Measuring a Lifetime of Achievement: Earlier This Year, A Community Bid Farewell to Dr. L. Ray Brooks
From a rough floor plan originally sketched on a 12-inch-by-12-inch piece of cardboard to 6,480,000 inches of steel, concrete, and glass structure housing state-of-the-art equipment used in advanced manufacturing, the William H. “Billy” O’Dell Upstate Center for Manufacturing Excellence emerged from a calculated journey over some 13 years — or 6,832,800 minutes — of measured leadership from Dr. L. Ray Brooks, recently retired president of Piedmont Technical College (PTC). So it was only fitting that about 200 guests at his combined retirement ceremony and the Center’s ribbon-cutting on June 4, 2021, each received a commemorative measuring tape to mark the occasion.
For Dr. Brooks, no measurement of progress is insignificant. Of course, nearly 6.5 million square inches is more easily digestible expressed as 45,000 square feet, the more common caliper indicating size in the construction industry. That’s what you will find in the building’s official schematics, but those diagrams can’t convey the relationships, conversations, negotiations, and determination over the years that brought everything to fruition.
“This building did not magically appear. Dr. Brooks and Sen. O’Dell strategized. Together, they made things happen,” PTC President Dr. Hope E. Rivers said. “Dr. Brooks has emphasized the importance of measured progress, lean principles and data-driven decision-making. For his steadfast commitment to Piedmont Technical College, we are forever grateful.”
Dignitaries in attendance included members of Sen. O’Dell’s immediate family, Bill Hollingsworth, representing the family of Ed and Elizabeth Moss, who donated the land upon which the Center was built, members of the PTC Area Commission and the PTC Foundation Board, members of the Greenwood County Council, Dr. Tim Hardee, president of the SC Technical College System, SC Sens. Mike Gambrell and Billy Garrett, SC Reps. Anne Parks and John McCravy, and former SC Sen. Floyd Nicholson.
In his remarks at the event, Dr. Hardee recalled Dr. Brooks’ arrival on the higher education scene in South Carolina.
“He was loud. He had lots of energy, and he believed in getting things done TODAY!” Hardee said. “The trait that I think best describes Dr. Brooks is his belief that students come first. Thousands of lives were improved because of his work here. … His wisdom, his innovation, his drive made our other 15 technical colleges better. Our presidents always listened to Ray when he spoke. The entire System is better because of the influence he had.”
Sen. Garrett also expressed appreciation for Dr. Brooks’ affable manner and authentic appreciation for the people he worked with.
In addressing Dr. Brooks directly from the podium, Sen. Garret said: “What I really love about you is that you always talk about your people. That is the most important thing.”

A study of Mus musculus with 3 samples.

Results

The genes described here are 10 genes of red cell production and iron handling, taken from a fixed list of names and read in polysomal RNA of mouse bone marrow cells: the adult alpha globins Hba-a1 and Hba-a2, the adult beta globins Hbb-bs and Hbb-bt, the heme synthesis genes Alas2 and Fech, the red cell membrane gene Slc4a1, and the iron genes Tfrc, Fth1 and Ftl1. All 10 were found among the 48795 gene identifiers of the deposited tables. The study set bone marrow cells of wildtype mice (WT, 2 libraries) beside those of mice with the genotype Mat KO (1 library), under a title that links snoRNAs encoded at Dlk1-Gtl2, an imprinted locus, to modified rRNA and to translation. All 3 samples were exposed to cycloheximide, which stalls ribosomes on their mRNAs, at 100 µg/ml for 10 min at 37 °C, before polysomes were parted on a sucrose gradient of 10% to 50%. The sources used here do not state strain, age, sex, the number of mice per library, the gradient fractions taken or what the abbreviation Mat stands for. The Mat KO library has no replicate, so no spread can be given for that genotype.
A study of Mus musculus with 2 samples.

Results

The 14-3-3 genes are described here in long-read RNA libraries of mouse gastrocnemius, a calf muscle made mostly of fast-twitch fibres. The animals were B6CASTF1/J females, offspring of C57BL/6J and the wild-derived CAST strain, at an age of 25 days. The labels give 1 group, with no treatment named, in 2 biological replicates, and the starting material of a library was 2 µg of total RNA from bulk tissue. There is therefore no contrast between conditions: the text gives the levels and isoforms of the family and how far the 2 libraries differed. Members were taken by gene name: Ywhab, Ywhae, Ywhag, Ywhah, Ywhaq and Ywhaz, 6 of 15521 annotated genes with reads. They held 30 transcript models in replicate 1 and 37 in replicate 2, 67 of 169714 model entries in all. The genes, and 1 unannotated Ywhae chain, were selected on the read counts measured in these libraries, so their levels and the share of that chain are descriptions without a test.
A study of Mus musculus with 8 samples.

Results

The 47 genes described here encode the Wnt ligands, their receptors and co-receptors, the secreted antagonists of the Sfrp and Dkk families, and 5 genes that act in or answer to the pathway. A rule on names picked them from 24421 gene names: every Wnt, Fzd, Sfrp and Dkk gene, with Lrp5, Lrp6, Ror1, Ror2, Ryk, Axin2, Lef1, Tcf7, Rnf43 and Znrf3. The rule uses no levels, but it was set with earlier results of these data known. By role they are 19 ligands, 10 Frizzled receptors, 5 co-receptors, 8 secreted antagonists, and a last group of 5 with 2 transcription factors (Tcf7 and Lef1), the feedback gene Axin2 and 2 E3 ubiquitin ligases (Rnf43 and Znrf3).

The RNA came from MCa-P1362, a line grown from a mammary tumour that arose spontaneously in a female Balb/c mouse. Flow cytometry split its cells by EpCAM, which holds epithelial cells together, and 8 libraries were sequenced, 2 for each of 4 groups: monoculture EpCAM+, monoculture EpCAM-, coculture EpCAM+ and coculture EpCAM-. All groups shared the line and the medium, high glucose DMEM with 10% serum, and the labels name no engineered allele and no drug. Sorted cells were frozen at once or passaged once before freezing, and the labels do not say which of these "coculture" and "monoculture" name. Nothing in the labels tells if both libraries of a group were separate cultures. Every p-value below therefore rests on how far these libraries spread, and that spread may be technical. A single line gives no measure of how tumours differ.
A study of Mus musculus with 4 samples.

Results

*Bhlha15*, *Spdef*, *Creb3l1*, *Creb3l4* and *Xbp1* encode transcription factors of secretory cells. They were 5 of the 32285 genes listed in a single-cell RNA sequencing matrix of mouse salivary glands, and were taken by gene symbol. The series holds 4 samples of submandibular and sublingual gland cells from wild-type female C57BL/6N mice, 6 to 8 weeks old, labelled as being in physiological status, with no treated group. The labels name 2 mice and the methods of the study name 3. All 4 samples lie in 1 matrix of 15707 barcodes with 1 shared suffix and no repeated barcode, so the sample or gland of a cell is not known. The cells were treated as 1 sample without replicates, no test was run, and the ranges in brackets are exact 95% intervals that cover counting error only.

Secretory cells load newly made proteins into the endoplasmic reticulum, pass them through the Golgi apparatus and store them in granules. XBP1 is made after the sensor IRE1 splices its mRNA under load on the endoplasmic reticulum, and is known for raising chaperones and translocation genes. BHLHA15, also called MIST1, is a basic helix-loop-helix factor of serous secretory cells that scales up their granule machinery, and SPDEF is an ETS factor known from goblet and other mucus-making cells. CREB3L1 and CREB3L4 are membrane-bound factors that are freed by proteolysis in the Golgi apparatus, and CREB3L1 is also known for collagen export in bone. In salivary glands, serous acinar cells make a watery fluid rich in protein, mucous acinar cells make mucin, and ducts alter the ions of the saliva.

Rep. McCravy noted that his father’s last job was teaching at PTC and “This place helped put bread on my table.” He went on to commend Dr. Brooks for his contributions and his vision.
“Dr. Brooks had the vision to provide practical job training that empowers people to pursue their dreams,” he told the crowd. “This is what he leaves us with. (gestures toward Dr. Brooks) We appreciate that more than you know. Thank you for all you have done.”
As he took the podium, Dr. Brooks was quick to redirect much of the credit, noting that the college’s first president, the late Lex Walters, actually was the first to envision a building to focus on the most advanced industrial training programs.
“At one time, we had nothing but a drawing on a piece of cardboard,” he said. “Over the years, a lot of people have been involved in making it happen.”
Throughout the morning, individuals shared stories about Dr. Brooks and the many colorful yarns and sayings he became known for as a charismatic public speaker. Longtime friend and PTC patron Jim Medford, a Greenwood Chamber Board member and owner of The Links at Stoney Point, recalled Dr. Brooks’ consistent use of the proverbial “Turtle on a Fencepost” story that ends with, “He didn’t get up there on his own.” Medford commissioned local artist Karen Johnson to paint the turtle on a fencepost and presented it to Dr. Brooks as a retirement gift.
“This is truly an historic day that represents the culmination of a great vision and celebrates the career of its brilliant visionary,” Dr. Rivers said. “This exceptional facility will be forever linked not only to the longtime advocacy of the late Sen. Billy O’Dell but also to Dr. L. Ray Brooks and his leadership at Piedmont Technical College.”
Following the speakers’ remarks and subsequent ribbon-cutting, guests were treated to a light brunch and tours of the O’Dell Center.
• Guests assembled under a tent outside the O’Dell Center to hear tributes from several esteemed speakers.
• Dr. L. Ray Brooks (still measuring) and Dr. Hope E. Rivers
• The Brooks souvenir measuring tape reads: “Success Measured: Thanks, Ray!”
• PTC President Dr. Hope E. Rivers addresses guests at the event.
• As officials look on, Gail O’Dell prepares to cut the ribbon on the center named for her late husband, Sen. William H. “Billy” O’Dell.
• Members of the O’Dell family stand outside the O’Dell Center.